A commitment for life

Published 10:45 pm Thursday, December 17, 2009

As an animal lover who has taken in strays and raised rescued dogs that soon became beloved family members, I can understand the feeling of being impelled to provide a home for an animal in need. And I’ve been blessed by each of the animals I’ve raised through the years, whether they were bought from a store or just showed up on my doorstep and refused to leave.

Clearly, I’m not alone in my love for four-legged creatures.

According to results of a study released in 2007 by the American Veterinary Association, nearly 60 percent of American households have at least one pet. Dogs are the more popular choice, according to a different survey the same year by the American Pet Products Manufacturing Association. But cats outnumber dogs, since cat owners are far more likely to own multiple cats than dog owners are to own multiple dogs. (There’s an interesting psychological conclusion associated with that fact, I’m sure.)



The Humane Society of the United States estimates that 6 to 8 million dogs and cats enter animal shelters each year. Fully half of those animals are euthanized in the shelters, because homes cannot be found for them.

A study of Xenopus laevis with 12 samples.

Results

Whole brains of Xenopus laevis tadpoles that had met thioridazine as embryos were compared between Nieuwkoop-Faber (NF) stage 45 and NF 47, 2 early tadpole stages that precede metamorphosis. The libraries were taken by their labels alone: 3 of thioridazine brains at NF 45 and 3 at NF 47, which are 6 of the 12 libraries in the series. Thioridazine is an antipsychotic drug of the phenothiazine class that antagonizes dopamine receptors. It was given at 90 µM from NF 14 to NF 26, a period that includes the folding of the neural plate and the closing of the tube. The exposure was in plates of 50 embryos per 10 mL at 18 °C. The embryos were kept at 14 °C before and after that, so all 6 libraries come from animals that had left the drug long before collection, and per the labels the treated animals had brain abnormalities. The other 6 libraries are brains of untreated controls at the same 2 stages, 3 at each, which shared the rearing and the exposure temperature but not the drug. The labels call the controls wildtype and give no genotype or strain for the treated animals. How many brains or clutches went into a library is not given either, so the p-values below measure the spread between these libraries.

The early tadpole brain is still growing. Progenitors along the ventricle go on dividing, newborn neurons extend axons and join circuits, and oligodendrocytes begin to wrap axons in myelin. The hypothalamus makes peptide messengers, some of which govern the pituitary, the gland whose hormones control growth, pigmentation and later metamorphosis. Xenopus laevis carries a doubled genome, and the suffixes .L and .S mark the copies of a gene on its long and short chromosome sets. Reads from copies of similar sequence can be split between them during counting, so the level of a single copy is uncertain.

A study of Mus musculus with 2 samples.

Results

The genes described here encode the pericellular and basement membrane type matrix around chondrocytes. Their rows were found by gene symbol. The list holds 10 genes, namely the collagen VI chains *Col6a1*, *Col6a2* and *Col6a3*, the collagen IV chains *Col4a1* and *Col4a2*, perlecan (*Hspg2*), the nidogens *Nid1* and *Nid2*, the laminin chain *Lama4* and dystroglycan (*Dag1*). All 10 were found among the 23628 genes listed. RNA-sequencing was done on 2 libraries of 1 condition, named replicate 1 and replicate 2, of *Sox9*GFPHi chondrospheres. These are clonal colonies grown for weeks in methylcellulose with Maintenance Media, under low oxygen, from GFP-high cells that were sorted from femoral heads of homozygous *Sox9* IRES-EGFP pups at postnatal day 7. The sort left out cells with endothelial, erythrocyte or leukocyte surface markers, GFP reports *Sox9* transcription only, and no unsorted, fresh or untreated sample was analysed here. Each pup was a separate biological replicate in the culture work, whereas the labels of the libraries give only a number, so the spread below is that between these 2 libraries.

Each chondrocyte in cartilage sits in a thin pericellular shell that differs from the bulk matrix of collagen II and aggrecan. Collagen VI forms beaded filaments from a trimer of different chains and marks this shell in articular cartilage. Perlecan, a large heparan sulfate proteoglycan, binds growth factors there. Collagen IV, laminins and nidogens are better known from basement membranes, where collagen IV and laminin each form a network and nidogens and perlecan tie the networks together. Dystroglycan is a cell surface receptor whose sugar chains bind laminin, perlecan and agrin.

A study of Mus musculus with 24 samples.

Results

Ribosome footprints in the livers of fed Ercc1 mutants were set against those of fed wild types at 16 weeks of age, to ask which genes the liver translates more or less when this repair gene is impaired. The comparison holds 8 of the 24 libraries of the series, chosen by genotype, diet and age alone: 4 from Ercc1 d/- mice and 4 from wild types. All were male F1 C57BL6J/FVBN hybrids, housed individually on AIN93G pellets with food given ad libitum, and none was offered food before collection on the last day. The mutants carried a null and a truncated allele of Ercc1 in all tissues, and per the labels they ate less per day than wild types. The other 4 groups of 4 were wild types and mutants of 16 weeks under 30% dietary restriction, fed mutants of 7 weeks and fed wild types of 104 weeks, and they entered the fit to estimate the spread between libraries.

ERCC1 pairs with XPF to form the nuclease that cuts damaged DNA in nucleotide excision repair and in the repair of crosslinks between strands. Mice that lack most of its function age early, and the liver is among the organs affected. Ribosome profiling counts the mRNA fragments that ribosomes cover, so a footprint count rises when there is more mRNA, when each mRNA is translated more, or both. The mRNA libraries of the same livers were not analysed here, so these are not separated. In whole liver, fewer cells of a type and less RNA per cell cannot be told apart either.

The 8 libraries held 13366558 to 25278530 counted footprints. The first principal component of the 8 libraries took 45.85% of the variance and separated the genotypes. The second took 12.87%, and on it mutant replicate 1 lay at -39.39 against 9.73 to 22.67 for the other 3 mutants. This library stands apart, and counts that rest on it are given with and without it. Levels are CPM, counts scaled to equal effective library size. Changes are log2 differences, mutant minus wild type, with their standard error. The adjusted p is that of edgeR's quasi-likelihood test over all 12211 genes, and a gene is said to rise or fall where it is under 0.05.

Considering the statistics, it’s pretty easy to understand how someone with an especially sensitive nature could feel responsible for every furry creature that crossed his or her path. News stories about folks with dozens of cats living in a tiny apartment are appalling, but there’s often a sense of “There, but for the grace of God go I” whenever I read one.

The same is true of Suffolk’s recent case of a woman who was arrested and charged with cruelty to animals after five of her horses were found starving to death and seemingly abandoned in the woods. Her attorney says she’s a woman with a good heart who just wanted to help the animals and found herself overwhelmed by their demands. It’s easy to see how such a thing could happen.

Really, though, it doesn’t matter if she maliciously set out to harm the animals. What matters is that her lack of care for them resulted in their suffering, and in one case led directly to officials having to euthanize a horse.

“If people get in over their heads, they need to find someone out there who can help them,” prosecutor Susan Walton said Thursday. “You just can’t allow these animals to starve to death.”

Walton is right, and folks who find themselves in similar situations have a responsibility to look for help from rescue organizations, Humane societies or even the department of animal control. For folks who find themselves overwhelmed by the responsibility, getting that help is a true demonstration of love.